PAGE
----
Tri-State announces early closure of Nucla Station |

Tri-State announces early closure of Nucla Station

Nucla Station
Courtesy Photo

It powered homes and businesses for some six decades, but on Thursday, Sept. 19, Tri-State announced Nucla Station coal-fired power plant made its last spark.

In a news release Thursday, Tri-State Generation and Transmission Association said it officially retired from service as a coal plant its 100-megawatt Nucla Station.

“The end of generation occurred as the facility exhausted its remaining on-site fuel supply earlier in the month,” the release said. “With the retirement, Tri-State meets its deadline for ending plant operations under Colorado’s regional haze visibility State Implementation Plan. The facility, which had its final run of generation July 11 through Sept. 9, was set to be retired by the end of 2022.” 

As part of the closure, Tri-State said they’re providing a half-million dollars over the next five years in community support during the retirement.

“While our generating station has been a significant part of Nucla and Naturita communities for many years, it made the most sense to come offline at this time in a controlled fashion, while maintaining compliance with all of our federal and state environmental regulations,” said Duane Highley, Tri-State chief executive officer. “We will support the remaining employees at the plant and the community during this transitional period of decommissioning and dismantling the facility.”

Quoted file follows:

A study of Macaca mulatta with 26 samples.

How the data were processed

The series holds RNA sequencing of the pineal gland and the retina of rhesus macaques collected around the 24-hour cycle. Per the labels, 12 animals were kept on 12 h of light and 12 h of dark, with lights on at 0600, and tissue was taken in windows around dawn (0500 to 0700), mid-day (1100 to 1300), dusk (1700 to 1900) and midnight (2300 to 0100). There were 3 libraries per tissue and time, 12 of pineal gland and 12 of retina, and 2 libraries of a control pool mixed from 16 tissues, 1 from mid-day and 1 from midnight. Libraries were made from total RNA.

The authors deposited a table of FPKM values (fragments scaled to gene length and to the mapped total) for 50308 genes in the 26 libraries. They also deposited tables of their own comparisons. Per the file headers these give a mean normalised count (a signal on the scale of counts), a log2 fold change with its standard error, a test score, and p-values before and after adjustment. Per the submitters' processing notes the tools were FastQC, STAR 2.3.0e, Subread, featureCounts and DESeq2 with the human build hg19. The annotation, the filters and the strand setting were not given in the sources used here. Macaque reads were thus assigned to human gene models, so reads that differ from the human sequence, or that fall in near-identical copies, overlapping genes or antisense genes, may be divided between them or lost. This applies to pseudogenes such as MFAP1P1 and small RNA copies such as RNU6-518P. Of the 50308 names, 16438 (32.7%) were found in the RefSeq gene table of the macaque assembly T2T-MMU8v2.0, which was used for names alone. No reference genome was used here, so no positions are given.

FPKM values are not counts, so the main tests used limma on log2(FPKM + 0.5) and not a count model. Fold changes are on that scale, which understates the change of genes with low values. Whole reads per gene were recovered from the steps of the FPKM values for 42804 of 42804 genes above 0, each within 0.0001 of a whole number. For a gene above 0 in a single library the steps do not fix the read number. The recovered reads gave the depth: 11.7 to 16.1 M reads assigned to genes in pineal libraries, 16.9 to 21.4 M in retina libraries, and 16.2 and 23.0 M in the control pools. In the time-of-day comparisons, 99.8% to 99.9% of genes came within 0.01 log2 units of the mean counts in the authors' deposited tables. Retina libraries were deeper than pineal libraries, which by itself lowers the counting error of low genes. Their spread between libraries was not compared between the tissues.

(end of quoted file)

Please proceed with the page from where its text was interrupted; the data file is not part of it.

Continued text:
Nucla Station, which began operations in 1959, currently has 35 employees who will continue at the plant and immediately commence work on pre-decommissioning activities.

“Dismantling of the facility is expected to begin during the first half of 2020,” Tri-State said.  

Nucla Station was one of the first to use a form of clean coal technology.

“Nucla Station has the distinction of being the world’s first utility-scale power plant to utilize atmospheric circulating fluidized bed combustion, which achieved 70% capture of sulfur dioxide emissions and reduced the formation of nitrogen dioxide,” Tri-State said in its release. “The technology still is used today around the world to achieve lower emissions from power plants.”

Tri-State announced the early retirement of Nucla on July 17, as part of its transformative Responsible Energy Plan, but Thursday’s release set that date forward several months. Tri-State said it is “aggressively pursuing its plan, which will transition the cooperative to a cleaner energy portfolio while ensuring reliable, affordable and responsible generation to its 43 member cooperatives and public power districts,” the release said.

Tri-State said their new push for more renewables “will increase member flexibility, with an overall goal to lower wholesale rates.”